CRESTVIEW — Starting Panhandle Animal Lovers was an easy decision for Crestview resident Hanne Berg.

"My husband (the late Bob Berg) and I started out being failed fosters for dogs,” she said. “We got them to foster and wound up being theirs.”

The story hasn’t changed much since she’s opened PAL, a private no-kill dog shelter.

"That has happened here a lot also,” Berg said. “I keep the ones that are not adoptable too."

Berg shelters and cares for the dogs herself until PAL finds a suitable home for them. The biggest need is shelter, but PAL always seeks donations: food, towels and foster homes.

There are no employees at PAL; "I have a couple of friends that help and that's it,” Berg said. “They basically help with the emailing and that kind of stuff, and fostering also. We're always looking for foster homes. When you have foster homes you can save more animals.”


According to the PAL website,, early canine training from foster parents socializes dogs and makes them easier to place in permanent homes.

Berg said she appreciates a dedicated group of friends who help with fostering.

One such friend, Christy Barrentine, has duties that range from taking photos and videos of dogs for the PAL website to fostering them.

The Barrentine family originally had two dogs. "(Berg) asked me to foster a dog and we wound up falling in love with that dog and kept it. We wound up fostering eight, but we kept four," Barrentine said.

Janice Speaker's relationship with PAL began similarly.

"I've been with them about nine years,” Speaker said. “It started with a dog that I found in the woods that was really wild and (Berg) helped me find her a home.

"It's a wonderful group. Hanne dedicates her whole life to it and gets dogs adopted. She does find them homes. She is strictly no kill."


Fostering a dog is just like any relationship, Barrentine said: "You have to give it time,” she said. “If you already have a dog (and foster one), if the dogs don’t immediately get along, that's to be expected. Give them time to work out their issues."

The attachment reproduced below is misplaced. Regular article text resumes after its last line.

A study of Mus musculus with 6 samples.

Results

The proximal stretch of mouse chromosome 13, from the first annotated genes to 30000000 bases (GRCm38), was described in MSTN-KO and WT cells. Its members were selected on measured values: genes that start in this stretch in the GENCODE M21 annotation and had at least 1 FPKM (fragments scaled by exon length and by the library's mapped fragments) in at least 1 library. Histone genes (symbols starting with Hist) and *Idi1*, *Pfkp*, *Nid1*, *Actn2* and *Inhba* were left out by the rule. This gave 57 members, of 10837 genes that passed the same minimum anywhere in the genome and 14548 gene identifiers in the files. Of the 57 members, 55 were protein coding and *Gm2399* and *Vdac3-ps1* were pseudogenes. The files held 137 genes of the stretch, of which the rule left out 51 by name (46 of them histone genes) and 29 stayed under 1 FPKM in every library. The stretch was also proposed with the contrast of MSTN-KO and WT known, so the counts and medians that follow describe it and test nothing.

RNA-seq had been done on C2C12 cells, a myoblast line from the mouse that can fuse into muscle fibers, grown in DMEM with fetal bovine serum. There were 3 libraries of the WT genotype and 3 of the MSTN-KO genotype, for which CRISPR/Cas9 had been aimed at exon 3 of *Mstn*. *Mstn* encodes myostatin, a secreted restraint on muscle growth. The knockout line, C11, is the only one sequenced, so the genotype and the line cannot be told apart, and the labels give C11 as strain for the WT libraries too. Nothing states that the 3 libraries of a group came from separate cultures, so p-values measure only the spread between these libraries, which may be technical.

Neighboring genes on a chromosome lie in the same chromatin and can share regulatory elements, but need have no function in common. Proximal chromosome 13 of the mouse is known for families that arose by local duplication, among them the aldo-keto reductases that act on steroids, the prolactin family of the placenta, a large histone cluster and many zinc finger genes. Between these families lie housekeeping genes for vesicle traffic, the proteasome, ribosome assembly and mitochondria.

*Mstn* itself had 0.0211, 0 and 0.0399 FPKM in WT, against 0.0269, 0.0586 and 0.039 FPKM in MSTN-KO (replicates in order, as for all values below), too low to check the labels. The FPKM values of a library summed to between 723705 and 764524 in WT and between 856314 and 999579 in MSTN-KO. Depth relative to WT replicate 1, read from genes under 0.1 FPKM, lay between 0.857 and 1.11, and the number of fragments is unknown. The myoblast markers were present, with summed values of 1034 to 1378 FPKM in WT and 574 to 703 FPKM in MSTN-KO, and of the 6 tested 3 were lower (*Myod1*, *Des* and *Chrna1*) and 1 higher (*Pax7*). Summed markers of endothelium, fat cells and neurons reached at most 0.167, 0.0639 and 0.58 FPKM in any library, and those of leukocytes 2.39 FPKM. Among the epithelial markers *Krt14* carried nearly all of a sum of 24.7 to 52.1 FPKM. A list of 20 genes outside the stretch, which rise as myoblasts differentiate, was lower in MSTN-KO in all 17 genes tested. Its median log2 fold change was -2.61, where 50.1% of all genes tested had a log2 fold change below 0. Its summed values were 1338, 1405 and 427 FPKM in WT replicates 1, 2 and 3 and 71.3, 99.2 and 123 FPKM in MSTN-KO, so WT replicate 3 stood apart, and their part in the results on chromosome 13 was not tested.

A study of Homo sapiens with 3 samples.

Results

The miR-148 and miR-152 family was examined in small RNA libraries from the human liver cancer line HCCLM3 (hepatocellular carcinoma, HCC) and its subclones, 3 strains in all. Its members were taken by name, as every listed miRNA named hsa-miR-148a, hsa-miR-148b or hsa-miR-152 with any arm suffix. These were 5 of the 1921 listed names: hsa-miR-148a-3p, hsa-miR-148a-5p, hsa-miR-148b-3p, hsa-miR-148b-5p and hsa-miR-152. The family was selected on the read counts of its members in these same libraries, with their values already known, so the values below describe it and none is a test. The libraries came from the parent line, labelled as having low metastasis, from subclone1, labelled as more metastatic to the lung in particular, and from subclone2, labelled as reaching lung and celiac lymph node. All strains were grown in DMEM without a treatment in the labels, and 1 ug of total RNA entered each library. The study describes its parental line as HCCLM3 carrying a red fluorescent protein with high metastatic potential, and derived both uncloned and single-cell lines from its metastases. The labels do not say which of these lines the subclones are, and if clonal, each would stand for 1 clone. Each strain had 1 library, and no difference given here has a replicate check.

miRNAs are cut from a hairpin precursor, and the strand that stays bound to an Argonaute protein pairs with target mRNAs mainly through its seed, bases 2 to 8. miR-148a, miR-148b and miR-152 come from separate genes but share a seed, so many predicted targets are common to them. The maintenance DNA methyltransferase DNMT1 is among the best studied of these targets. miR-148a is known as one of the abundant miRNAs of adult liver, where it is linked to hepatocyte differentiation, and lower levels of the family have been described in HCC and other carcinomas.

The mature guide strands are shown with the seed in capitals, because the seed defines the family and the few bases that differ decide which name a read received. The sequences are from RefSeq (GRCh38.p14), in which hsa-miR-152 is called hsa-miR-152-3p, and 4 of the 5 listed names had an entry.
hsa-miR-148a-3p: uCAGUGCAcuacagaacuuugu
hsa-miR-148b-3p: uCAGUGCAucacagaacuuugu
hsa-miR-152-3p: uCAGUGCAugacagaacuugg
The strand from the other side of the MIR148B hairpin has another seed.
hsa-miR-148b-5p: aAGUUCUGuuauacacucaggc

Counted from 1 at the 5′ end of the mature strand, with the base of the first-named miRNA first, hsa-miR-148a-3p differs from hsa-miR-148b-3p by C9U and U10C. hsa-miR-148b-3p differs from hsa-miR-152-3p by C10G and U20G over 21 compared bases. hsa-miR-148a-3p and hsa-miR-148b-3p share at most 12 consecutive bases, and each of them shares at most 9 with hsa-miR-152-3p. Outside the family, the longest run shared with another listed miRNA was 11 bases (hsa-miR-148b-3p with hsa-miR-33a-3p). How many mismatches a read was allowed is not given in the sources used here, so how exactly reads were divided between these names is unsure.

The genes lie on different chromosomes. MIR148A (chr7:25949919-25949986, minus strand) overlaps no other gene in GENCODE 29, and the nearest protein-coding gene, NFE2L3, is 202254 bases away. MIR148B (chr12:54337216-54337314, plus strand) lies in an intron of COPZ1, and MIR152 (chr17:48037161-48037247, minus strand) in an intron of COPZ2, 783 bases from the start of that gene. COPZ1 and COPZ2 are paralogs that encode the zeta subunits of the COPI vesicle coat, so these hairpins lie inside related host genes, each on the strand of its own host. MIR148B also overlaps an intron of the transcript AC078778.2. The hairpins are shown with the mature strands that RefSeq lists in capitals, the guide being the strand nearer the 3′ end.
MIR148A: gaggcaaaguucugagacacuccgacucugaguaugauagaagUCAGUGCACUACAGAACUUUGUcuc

It also takes time for dogs to "get their bearings" in a house new to them.

"If they have an accident in the house, don't jump to conclusions that they're a bad dog,” Barrentine said. “Just be patient."

That patience has its rewards.

"My life's not boring, thanks to them. They keep me on my toes and we have a good  time in here. And just the amount of love they give back to you," Barrentine said.

"One of ours was abused before we got her and a couple of them were found on the streets half-starved to death and covered in fungus. They're just super grateful and it makes you feel good that it's made a difference in their life."


Jennifer Brown, whose family has fostered PAL dogs and adopted two with lifetime medical issues, said another benefit of adoption from a shelter — whether PAL or another site — is that it saves two lives: that of the animal adopted and the one the adoption makes room for in the shelter.

"I just wish people would realize the good family dogs and cats that are put down because there are not enough homes for them,” Brown said.

People who adopt animals from Berg are charged a small fee to cover associated costs: spaying, neutering, heartworm tests, microchipping and other necessities.

However, "We don't just adopt out to anybody,” Berg said. “You have to fill out an adoption application and we kind of use our gut instinct also." That level of consideration means a happy, permanent home for the dog and the dog owner.


Another necessity for pet parents, Berg said, is microchipping and putting an identification tag around the pet's neck.

"They need to microchip their animals. They need to always have a collar on their dogs with an ID tag or a rabies tag," Berg said. "And also, if they have a microchip, it's easier to have the dog (reunited) with their owners. It doesn’t cost many dollars to get an ID tag. There are so many lost dogs around here.”

To view, adopt or see which dogs are available from PAL, go to the PAL website or contact Berg at 683-4104. The shelter is at full capacity and cannot accept dropped off animals.